Diversity and Inclusion – the journey so far

Catherine Roche

Catherine Roche

Chief Executive - Catherine began her career in teaching before completing an MBA and joining KPMG. In 1996, her pro bono support for Place2Be inspired her to join the charity as Chief Operating Officer, and then Deputy CEO. In 2014, she became Chief Executive and has driven the organisation’s growth.

Place2Be's Chief Executive, Catherine Roche, reflects on her personal and organisational learnings and progress over the past year.

After the horrifying TV images of George Floyd’s murder shook the world in May last year, like many organisations, myself and the senior team at Place2Be were moved by the strength of feeling galvanized by our staff and the Black Lives Matter movement. It was an awakening that we needed to do more to be a truly diverse and inclusive organisation.

Sadly, the topic of racist abuse has dominated the headlines once again this week after the appalling comments directed at three of the England football players on social media. While it’s heartening to see the subsequent outpouring of support, the incidents are a reminder of the continued importance of prioritising inclusion across all organisations.

Here at Place2Be, we carved out time and space over the summer of 2020 to seek the views of our staff through a series of externally facilitated sessions to explore attitudes to race and inclusion and strengthened our staff Diversity and Inclusion Steering Group. We worked with colleagues across the mental health sector, including as hosts of the Diversity & Inclusion Coalition.

In autumn 2020, we published our Diversity & Inclusion Strategy & Action Plan.

Our staff told us that:

  • We need to fully reach the local communities that we are working in
  • We should make our voices heard within the broader mental health profession to challenge any form of discrimination and support action for a more diverse profession
  • We have to create a fully inclusive organisation and make sure that we give a voice to everyone across Place2Be
  • We need to listen and understand the concerns of our staff, ensuring issues highlighted are tackled as a community
  • We have to hear and learn from our black and ethnic minority colleagues, allowing them to share their experiences in a safe way

So we made the following commitments:

  1. Our Practice – Ensure our direct work in schools is accessible and delivers impact to the full school community
  2. An inclusive and diverse mental health workforce – Promote the value of a diverse workforce and ensure that our training programmes are accessible to all
  3. Our People – Create an inclusive workplace to attract, retain and develop a talented team from all backgrounds and cultures
  4. Learning – Educate ourselves, establish and promote an open and honest dialogue about race, diversity and inclusivity within Place2Be
  5. Promotion – Consistently demonstrate our commitment to inclusivity in our communications, both internally and externally

We know this is not something that any one of us can achieve alone and this requires us all, as the people who make up the Place2Be community to work together, growing in empathy and understanding to build an organisation that we are all proud of.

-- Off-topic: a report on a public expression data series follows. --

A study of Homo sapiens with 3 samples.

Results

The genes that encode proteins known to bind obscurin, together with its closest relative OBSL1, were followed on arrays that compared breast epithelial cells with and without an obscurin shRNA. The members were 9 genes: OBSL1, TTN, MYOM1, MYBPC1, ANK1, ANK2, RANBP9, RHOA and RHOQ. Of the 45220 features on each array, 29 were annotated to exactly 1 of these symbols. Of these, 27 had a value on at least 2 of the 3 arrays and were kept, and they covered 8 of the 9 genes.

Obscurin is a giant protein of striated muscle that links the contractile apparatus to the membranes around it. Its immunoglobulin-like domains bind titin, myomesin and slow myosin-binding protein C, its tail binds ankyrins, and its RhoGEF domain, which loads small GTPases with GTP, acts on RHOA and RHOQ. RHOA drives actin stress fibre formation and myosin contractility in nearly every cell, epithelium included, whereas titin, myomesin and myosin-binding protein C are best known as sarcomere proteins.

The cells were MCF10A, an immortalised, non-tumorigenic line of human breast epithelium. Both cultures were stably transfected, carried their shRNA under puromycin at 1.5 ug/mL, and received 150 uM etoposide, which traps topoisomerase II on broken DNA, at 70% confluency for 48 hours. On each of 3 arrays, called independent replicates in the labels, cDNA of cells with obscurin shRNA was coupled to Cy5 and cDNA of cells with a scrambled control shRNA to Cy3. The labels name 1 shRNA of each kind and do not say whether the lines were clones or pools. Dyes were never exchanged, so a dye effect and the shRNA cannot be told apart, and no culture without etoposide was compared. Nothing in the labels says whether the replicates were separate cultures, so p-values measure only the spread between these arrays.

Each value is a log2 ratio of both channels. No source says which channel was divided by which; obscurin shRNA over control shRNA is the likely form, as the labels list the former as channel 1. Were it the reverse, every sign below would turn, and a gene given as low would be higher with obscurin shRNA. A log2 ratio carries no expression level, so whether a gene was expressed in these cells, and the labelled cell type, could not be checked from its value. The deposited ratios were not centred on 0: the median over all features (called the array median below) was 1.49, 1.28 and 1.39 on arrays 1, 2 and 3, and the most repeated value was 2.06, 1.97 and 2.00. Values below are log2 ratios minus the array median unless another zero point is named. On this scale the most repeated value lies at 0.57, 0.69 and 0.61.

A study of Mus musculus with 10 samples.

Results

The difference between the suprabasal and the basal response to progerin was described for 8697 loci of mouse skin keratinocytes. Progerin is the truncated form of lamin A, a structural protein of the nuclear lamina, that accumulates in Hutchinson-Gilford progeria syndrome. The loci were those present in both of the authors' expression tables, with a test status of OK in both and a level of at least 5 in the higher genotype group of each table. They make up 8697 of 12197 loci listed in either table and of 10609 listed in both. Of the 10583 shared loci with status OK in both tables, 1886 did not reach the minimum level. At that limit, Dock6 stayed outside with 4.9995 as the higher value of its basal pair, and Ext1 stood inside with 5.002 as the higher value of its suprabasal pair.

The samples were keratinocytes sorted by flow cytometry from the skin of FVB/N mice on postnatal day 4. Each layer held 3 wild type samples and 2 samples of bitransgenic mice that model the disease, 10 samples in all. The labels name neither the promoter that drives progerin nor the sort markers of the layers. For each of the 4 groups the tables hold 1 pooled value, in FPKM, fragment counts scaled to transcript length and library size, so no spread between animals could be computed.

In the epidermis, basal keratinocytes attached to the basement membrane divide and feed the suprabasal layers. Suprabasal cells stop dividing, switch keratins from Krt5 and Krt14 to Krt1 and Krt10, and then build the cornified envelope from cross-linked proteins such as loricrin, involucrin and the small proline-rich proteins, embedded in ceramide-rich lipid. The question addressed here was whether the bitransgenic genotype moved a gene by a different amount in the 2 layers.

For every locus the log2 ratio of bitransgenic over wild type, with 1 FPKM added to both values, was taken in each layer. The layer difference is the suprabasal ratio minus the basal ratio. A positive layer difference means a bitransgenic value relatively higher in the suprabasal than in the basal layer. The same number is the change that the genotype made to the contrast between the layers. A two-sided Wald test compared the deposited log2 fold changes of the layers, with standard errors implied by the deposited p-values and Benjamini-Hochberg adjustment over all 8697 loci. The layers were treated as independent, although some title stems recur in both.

Today we’re publishing a summary of the positive progress we have made against each of our five commitments, along with our focus for the months ahead.

Our D&I Action Plan has kept us on our toes. It’s challenging many of us to break down any barriers and to push for a better understanding, increased opportunities and a cultural shift in our services.

Personally, I’m very grateful to the Mental Health Leaders Group who led and participated in peer reflection sessions to help us on the road to being colour-conscious and having dialogue around race. I’m also very grateful to our Place2Be colleagues who responded to the call for staff from culturally diverse communities to work with myself and our Place2Be Executive team to help us to build better understanding through a reciprocal mentoring programme. I am especially grateful to William Guri for the time and insights we have shared together. We have discovered that a boy from Zimbabwe and a girl from Ireland have quite a bit in common and much we can learn from each other’s experiences. And I am thrilled to see some of our Place2Be team come forward with ideas and suggestions, drawing on their own rich cultural heritage about more we can do to enhance and improve our services, accessibility and our organisation.

Still more to do...

We are on a journey and as a leader, I remain totally committed to creating a fully inclusive Place2Be. We should reflect on the progress we have achieved and the positive steps forward, but we should continue to push ourselves, to be curious, engaged, listen to the verbal and non-verbal, challenge ourselves and always seek to better understand the perspective and experience of others.

For those of us in positions of leadership, we need to use this influence to bring about change. We need to ensure that as an employer, an influencer, and a service-provider, we are meeting the needs of everyone in our community, so whatever our background, colour, identity or beliefs – we feel supported, nurtured, empowered and celebrated.